The Singh Twins are contemporary British artists with an international reputation, widely known for their highly detailed, narrative, symbolic and eclectic style rooted in Indian aesthetics.
Describing their work as Past-Modern, The Twins, engage with social, political, and cultural issues that often explore hidden narratives of colonial history and its legacies.
Their contribution to art and as pioneers in the modern development of ancient Indian miniature painting has been recognized at the highest level. In 2010 they were made Honorary Citizens of their home city of Liverpool and in 2011 were each awarded MBE's by Queen Elizabeth I. They have subsequently each been awarded three Honorary Doctorates for their outstanding contribution to British art, services to the Indian miniature tradition, and most recently for promoting diversity in the arts. Their award-winning work, which challenges and redefines generally accepted, Eurocentric perceptions of heritage and identity in art and society has been cited by Sir Simon Schama as representing the artistic face of modern Britain.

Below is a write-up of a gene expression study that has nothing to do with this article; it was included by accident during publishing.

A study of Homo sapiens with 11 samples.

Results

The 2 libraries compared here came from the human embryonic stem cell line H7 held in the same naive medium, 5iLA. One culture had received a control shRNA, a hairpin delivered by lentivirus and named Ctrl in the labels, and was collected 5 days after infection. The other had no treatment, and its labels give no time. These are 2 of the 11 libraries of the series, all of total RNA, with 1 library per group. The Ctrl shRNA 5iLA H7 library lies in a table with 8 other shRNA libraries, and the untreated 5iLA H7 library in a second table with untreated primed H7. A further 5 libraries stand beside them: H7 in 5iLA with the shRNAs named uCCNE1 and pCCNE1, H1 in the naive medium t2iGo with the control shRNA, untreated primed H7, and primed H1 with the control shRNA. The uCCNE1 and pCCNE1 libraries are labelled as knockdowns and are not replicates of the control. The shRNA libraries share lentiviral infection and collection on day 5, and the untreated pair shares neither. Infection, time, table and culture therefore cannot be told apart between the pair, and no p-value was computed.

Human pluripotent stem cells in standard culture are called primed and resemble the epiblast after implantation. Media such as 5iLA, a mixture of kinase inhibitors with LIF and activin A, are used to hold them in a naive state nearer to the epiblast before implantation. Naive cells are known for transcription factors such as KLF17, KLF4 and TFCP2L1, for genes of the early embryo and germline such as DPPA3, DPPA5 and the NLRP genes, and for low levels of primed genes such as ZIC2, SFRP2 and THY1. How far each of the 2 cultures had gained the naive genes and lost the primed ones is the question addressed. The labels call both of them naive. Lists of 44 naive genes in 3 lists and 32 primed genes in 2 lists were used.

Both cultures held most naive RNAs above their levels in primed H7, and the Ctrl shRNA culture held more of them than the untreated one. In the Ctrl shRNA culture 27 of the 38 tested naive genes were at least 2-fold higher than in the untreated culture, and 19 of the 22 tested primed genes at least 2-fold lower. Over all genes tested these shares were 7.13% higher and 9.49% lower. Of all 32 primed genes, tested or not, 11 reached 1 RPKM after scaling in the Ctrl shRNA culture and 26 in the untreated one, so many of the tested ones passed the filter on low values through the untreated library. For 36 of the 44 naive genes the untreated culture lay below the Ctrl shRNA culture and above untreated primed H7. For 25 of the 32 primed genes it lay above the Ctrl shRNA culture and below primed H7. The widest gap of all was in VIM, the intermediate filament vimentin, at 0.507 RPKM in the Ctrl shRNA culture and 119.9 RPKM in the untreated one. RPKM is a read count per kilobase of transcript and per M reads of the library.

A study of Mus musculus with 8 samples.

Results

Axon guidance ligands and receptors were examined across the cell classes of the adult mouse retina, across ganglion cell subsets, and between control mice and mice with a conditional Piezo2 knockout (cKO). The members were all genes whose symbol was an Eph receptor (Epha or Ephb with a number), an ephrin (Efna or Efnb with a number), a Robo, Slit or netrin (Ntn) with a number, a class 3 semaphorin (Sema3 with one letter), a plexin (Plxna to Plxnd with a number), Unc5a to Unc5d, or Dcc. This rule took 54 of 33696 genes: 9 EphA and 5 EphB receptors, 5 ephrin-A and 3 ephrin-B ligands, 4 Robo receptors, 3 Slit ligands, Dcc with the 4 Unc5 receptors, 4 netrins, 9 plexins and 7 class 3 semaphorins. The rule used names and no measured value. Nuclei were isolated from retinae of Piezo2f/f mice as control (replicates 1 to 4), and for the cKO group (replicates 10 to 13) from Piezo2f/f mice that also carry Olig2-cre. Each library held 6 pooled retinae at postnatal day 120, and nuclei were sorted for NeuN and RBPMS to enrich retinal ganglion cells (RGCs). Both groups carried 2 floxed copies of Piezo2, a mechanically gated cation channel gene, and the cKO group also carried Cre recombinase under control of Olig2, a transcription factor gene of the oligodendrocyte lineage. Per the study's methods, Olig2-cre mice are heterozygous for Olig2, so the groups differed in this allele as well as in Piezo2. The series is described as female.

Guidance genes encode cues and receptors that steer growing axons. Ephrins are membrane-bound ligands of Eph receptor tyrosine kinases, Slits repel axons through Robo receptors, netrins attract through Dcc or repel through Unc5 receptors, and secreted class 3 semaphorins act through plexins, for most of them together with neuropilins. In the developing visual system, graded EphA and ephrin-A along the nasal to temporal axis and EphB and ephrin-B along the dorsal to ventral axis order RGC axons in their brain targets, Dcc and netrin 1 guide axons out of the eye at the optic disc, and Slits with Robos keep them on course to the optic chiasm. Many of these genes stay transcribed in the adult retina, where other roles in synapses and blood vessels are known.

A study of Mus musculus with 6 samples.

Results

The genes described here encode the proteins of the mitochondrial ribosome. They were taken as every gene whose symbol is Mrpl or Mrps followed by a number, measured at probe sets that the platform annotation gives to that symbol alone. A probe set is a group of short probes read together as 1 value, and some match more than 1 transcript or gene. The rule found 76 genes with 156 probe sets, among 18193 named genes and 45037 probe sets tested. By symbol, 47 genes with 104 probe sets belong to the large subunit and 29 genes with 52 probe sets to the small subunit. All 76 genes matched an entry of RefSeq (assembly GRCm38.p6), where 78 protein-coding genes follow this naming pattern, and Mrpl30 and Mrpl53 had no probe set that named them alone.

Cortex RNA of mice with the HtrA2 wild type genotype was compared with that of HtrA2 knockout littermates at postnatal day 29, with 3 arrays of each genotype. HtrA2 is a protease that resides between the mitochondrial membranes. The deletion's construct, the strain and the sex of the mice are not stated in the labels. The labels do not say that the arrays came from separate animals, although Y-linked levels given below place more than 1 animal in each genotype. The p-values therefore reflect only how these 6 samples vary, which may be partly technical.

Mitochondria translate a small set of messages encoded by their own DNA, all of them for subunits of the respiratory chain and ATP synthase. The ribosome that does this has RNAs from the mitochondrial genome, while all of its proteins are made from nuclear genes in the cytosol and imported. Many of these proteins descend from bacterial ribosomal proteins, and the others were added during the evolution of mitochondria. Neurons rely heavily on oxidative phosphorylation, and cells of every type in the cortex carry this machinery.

Exhibitions include solo shows at London’s National Portrait Gallery, National Museums Scotland, National Museums Liverpool, and National Galleries of Modern Art, Mumbai and Delhi. In 2016 The Twins were extended a special invitation to participate in the Royal Academy Summer Exhibition and their public commission for the Museum of London which reinterprets two Victorian depictions of the ‘Indian Mutiny’ or ‘First War of Indian Independence,’ was selected for Tate Britain’s ‘Artist and Empire’ International touring exhibition. Their latest exhibition 'Slaves of Fashion', which was described as "a triumph of how to make boldly political art which doesn’t shout at its audience, but makes them want to discover the truth for themselves", attracted over 105,000 visitors at its launch venue in Liverpool alone. A later edition to the Slaves of Fashion series which was commissioned by Royal Collections Trust for exhibition at the Queen's Gallery Buckingham Palace won the 2019 Asian Culture Theatre and Arts Awards for visual arts. Their latest artworks include 'NHS v Covid-19' (which is both a tribute to Britain's National Health workers and a critique of the UK Government's mishandling of the pandemic), and a symbolic portrait of Trump which in response to the murder of George Floyd, explores how attitudes of white supremacy and racial inequality in America today, stem back to the history of slavery.